The new academic year is racing ever closer and I look forward to welcoming my pupils through the doors; seeing their excited faces, eyes bright with anticipation, as they catch up with friends. I love hearing the chatter and the laughter of picked up conversations. For some of the children it is their first time in school, joining our family, aged four, and starting their next chapter. This will be a year of firsts for them, and their parents – the first Christmas play, the first assembly to parents, the first school outing, the first sports day etc and for the older girls, in their final year, it will be a year of lasts before they move on to their next chapter.
But as I look at what joys the new year will bring, I always tend to look back and reflect on my years as a teacher and the nurturing role that I have had in the lives of what amounts to several hundred children. I think about how the children have changed and grown but also how I have adapted to my situation, the things that I have aspired to be and the things that I am still aiming for. One of those things that is always on my “to-be list”, is organised ……….
I often dream of being one of those super-organised people – you know the ones …….. everything has a place, everything is in its place. I feel that I ought to be one of those people, after all we should all be super organised and efficient, shouldn’t we? My mother is one of those people. Let’s just say that it skipped a generation when it came to me.
I used to think that a tidy desk equated to a tidy mind, I am now reappraising that theory. My cognitive load is very heavy and I partition my thoughts carefully in order that I don’t lose sight of things, jotting things down where necessary. I put notes on my computer – literally, Post-it notes ON my computer and I reiterate lists of things to address on my commute home in the evening, processing, sorting, compartmentalising.
This brings me to my desk ….. in my defence I will say that I know the whereabouts of every document ……. until I tidy. But my desk is not just filled with the endless bits of documentation and stray post-it notes it is also a repository for treasure, mementoes of my teaching journey. Though some now have been placed, carefully arranged, on the shelves in my office for their safety! I need those tangible memories, those moments, close by.
In idle moments – yes, they do happen occasionally – I see the sparkling geode, light coruscating off each tiny facet, and I am reminded of a child I taught. Slightly quiet in class, she would listen carefully and then towards the end of a discussion she would raise a thoughtful point that encapsulated the very essence of our learning. After the summer holiday she came to me clutching a bundle of something wrapped in newspaper. “Mrs McShane, I’ve brought something back from my holiday for you.” I carefully unwrapped the bundle and there was the geode, a precious thing. What looked unassuming on the outside fell open in my hands to reveal something bright, shining, symbolic of so many people, I think. Her mother later told me that it was the only thing that her daughter had brought back from holiday and that she had bartered for it in the market determined to secure this object for me because she knew that I would love it. This fact still touches me years later.
There is the cactus garden with small china cats roaming through it, I invite the preschool children to help me count the kittens and tell me what mischief that they have been up to whilst I have not been in my office. The plant in the corner with the sign that says, “Thank you for helping us grow” a parting gift from a class when I left my previous school, a reminder that that is what we do as teachers – we grow children. We grow their confidence, their self-esteem their knowledge and their sense of wonder and curiosity. What a privilege and joy.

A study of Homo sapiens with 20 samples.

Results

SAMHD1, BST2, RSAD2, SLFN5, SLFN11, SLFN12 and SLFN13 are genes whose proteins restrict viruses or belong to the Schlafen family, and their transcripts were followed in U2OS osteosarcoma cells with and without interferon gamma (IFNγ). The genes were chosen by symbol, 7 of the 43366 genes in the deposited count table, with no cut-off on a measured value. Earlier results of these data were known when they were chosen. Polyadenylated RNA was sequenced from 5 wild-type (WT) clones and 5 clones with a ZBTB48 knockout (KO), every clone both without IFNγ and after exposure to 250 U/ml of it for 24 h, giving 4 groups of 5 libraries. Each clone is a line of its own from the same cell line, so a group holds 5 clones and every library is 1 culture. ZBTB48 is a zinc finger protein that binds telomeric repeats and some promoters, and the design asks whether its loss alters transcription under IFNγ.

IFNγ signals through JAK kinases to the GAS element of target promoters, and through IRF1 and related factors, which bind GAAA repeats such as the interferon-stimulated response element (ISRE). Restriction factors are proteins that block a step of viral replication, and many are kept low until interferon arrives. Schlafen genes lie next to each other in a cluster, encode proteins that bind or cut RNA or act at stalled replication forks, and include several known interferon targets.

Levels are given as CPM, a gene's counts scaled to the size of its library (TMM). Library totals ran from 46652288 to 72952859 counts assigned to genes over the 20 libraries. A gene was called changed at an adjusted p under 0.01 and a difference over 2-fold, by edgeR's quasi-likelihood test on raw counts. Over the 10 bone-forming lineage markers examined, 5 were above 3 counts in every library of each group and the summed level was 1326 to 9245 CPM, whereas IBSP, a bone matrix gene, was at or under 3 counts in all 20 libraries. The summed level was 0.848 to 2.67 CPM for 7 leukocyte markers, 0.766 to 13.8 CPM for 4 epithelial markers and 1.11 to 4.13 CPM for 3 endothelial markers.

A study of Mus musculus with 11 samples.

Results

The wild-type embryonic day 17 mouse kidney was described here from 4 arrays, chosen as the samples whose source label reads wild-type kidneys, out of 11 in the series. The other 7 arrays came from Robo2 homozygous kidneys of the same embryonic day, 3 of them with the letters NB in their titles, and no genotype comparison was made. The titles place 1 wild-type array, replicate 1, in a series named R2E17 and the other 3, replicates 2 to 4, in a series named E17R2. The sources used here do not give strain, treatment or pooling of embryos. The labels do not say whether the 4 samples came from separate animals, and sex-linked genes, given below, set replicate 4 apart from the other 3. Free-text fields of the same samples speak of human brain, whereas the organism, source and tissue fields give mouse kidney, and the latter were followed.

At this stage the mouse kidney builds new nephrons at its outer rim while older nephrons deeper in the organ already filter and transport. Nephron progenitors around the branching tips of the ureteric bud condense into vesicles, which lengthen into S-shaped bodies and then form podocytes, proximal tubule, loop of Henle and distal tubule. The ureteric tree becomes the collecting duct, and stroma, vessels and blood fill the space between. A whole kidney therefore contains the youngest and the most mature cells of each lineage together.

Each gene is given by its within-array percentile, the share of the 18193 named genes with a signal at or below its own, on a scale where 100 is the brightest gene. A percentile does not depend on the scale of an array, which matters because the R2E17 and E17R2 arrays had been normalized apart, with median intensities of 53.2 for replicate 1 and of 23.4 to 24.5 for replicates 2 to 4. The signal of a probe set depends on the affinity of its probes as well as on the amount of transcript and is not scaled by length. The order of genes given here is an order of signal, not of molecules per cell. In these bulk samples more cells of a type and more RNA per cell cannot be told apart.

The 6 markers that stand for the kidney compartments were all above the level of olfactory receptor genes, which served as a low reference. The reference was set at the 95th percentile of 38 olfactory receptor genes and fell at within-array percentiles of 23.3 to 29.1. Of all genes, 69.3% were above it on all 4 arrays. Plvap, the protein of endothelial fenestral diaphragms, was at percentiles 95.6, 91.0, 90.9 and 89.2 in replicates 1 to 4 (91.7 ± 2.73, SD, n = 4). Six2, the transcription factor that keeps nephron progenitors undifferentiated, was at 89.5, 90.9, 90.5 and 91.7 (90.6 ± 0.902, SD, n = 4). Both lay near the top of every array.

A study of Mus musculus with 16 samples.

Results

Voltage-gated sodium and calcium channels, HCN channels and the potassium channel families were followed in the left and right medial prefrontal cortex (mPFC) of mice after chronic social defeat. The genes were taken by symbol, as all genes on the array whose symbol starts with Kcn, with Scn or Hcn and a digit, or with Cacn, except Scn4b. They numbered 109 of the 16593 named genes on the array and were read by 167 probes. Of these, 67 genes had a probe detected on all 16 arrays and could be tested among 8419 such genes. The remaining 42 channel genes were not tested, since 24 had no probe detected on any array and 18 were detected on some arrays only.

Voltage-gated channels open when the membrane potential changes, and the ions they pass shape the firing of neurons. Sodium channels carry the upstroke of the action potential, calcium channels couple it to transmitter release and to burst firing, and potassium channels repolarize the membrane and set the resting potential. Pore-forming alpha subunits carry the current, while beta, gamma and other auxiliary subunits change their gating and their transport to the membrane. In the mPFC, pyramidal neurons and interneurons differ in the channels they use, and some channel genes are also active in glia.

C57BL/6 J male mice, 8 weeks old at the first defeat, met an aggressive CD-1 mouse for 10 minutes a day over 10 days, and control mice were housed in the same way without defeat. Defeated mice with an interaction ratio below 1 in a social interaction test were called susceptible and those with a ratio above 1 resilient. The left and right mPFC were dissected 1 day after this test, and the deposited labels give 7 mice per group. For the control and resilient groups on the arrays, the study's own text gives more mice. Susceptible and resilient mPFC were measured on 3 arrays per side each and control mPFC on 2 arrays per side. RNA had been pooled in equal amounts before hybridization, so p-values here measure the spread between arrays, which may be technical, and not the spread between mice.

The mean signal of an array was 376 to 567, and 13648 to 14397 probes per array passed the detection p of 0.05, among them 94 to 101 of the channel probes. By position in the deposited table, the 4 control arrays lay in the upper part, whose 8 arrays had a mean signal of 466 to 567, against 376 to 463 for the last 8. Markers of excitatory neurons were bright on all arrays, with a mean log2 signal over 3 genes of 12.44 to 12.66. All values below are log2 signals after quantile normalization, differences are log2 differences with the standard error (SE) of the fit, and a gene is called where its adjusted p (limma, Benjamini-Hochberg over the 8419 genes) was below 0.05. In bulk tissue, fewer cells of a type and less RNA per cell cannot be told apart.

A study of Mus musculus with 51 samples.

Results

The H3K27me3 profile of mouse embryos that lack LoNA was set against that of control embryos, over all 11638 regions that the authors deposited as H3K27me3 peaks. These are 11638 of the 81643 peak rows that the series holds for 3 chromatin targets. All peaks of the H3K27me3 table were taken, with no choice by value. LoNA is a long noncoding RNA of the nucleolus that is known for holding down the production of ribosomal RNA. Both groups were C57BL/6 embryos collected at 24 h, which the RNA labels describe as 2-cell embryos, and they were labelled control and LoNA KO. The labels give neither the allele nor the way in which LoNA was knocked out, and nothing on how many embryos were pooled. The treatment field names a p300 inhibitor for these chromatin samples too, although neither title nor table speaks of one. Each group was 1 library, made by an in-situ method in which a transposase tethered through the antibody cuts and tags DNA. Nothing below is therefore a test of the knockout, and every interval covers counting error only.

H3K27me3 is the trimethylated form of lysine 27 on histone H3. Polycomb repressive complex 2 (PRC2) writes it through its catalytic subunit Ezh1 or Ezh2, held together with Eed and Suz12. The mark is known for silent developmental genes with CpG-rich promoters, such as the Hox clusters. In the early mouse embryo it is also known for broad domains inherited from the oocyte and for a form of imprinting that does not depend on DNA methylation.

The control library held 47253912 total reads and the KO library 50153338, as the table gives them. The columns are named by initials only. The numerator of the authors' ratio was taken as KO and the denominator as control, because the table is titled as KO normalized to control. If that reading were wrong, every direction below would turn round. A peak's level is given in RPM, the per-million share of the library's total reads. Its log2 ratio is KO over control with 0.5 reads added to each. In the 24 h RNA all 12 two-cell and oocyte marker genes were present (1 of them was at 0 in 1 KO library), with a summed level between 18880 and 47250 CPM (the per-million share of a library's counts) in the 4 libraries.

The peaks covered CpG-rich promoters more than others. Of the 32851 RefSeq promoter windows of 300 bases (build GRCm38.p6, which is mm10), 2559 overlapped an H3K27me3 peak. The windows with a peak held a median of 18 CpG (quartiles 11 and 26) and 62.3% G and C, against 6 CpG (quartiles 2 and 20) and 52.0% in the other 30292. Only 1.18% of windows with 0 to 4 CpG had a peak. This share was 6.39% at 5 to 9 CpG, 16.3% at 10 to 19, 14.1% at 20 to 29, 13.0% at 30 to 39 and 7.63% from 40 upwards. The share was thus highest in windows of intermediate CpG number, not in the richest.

The roughly made initials AM with googly eyes made one wet weekend and brought in for me to put on my computer – alongside the post-it notes – in case I forget who I am. The enormous shell, picked up from a beach somewhere exotic and smuggled into a suitcase and presented to me with great pride. The wooden block painted with, “Don’t just fly, soar” reminding me to always do my best and given to me as a result of me always saying to pupils – “Don’t tell me the sky’s the limit when there are footprints on the moon.” (Paul Brandt) Then there are the pictures and messages, all meaningful and heartfelt. The hand painted bowl, decorated with a large cat and the message, “Thank you for being a fabulous teacher. Love from T…” Another of my quieter pupils, but we used to share stories of our rather mischievous cats and each time I reach for an apple from this bowl, I smile and wonder how she is doing. Another hand-painted treasure is a plate, a white cockatiel amongst purple blossom. I have had it for 30 years now, the talented, but challenging, 11 year old boy that I taught will now be a 40 year old man, possibly with a child of his own. He will always be a boy in my mind and I will always have a feeling pride and joy when I look at this painted plate. I was asked once, “What would you save in the event of a fire(besides family and photographs)?” and, without hesitation, I knew that it would be this plate.
Every artefact has a place in my heart, each one holds memories of special times but more importantly they remind me why I do this job, no, more than that; why I love this job. These treasures cannot be tidied away, put in boxes and hidden, they are reminders of my journey.
So here I am on the brink of a new academic year, one that I know will be filled with challenge and joy, and I wonder what new memories will be made. And like my pupils, my eyes are bright with anticipation.
As teachers we must hope that we will touch lives; we must also acknowledge that the children we teach touch our hearts.